Let's start with a basic Kanban board with items nicely flowing through. The team grows, the product evolves and it becomes harder and harder to see the big picture and align strategy with day-to-day execution.
In Jira, there are company-managed and team-managed projects. We love team-managed projects for their simplicity and empowerment of autonomous teams that don't depend on a Jira Administrator. However, there are caveats and one of them is the inability to view Epics on Kanban boards (same for Sprint boards).
Still, you can use Epics in the backlog as a "container of items" and probably will end up with many of them stuck in "ToDo" or "In Progress" status because there is no flow of Epics. The name doesn't really matter, it can be an Epic, or preferably something that is more customer or business-friendly.
Another place to use Epics is Jira Portfolio. But not only it doesn't solve the problem it actually makes things even worse -- the introduction of "artificial" due dates that aren't aligned with actual delivery capacity sets incorrect expectations. Let's just stop here.
Advanced Kanban Boards
As part of our advanced Kanban Boards, we introduced the ability to display Epics as an actual item in team-managed projects.
As we can see, it becomes evident what is going on on a higher level. Most likely, for the first time, there will be too many items because nobody ever resolved any Epics and you will need to do some cleanup.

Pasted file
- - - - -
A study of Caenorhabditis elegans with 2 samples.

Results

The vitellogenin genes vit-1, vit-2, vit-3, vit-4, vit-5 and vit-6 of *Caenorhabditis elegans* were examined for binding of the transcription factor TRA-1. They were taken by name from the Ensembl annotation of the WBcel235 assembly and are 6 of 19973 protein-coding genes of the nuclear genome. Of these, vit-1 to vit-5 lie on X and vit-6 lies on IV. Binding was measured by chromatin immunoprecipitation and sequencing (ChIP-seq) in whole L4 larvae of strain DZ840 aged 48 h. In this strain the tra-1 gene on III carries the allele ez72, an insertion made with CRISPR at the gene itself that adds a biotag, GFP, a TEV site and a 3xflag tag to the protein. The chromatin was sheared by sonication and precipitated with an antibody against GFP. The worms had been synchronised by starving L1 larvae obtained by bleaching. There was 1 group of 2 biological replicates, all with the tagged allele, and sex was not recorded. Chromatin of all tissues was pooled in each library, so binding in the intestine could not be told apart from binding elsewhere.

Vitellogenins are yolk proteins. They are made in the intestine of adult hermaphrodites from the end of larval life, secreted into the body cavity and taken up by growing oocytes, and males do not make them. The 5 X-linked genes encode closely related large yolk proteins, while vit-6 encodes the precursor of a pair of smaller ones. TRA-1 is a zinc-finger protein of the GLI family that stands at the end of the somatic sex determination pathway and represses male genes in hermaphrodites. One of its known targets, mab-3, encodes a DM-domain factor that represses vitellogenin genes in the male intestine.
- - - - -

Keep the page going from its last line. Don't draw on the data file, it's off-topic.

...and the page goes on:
What the flow of epics gives us? A bigger picture plus all the benefits of Kanban.
For example, work in progress -- teams can't work on everything simultaneously. This view should lead to a reduction of WiP. As we know, in stable systems, the lower the WiP, the higher throughput and/or shorter lead time. This is even more important at the Epic level than at the team level.
Another implication is an organic (or evolutionary) invitation to clarify what happens before committing to delivery, or in other terms the Upstream Kanban.
This is where you may want to explore the steps from the "raw idea", to a defined set of outcomes, to something that can go to delivery/implementation. At this stage, an often scenario is to break down the work into smaller pieces.
What is really important with Upstream is that it clarifies the desition making process, where raw ideas (options) get a little bit of "shaping" just enough for stakeholders to decide whether to commit resources or not (not now or even never) which results in greater effectiveness.
We should mention backlogs here. A short buffer is okay, an endless "black-hole" kind of backlog that only grows and emits a little bit of "radiation" is not. Remember, we are looking for the flow of Epics, not a static list.
To put it back into practice, from a flat workflow like this
it may evolve into something like
Ready for Dev
Epic + Items
Epic + Items
Whereas at first stages you work more at Epic-level and then break it down into smaller items deliverable within days or weeks.
Note a single end-to-end workflow, which is generally better than multiple boards because everyone can see the whole picture and stay on the same page. In case you are getting worried about the length of the board: just collapse the columns that you don't want to see 😀.
To summarize, this technique allows scaling Kanban systems vertically with Epic hierarchy and horizontally with Upstream and flow of Epics.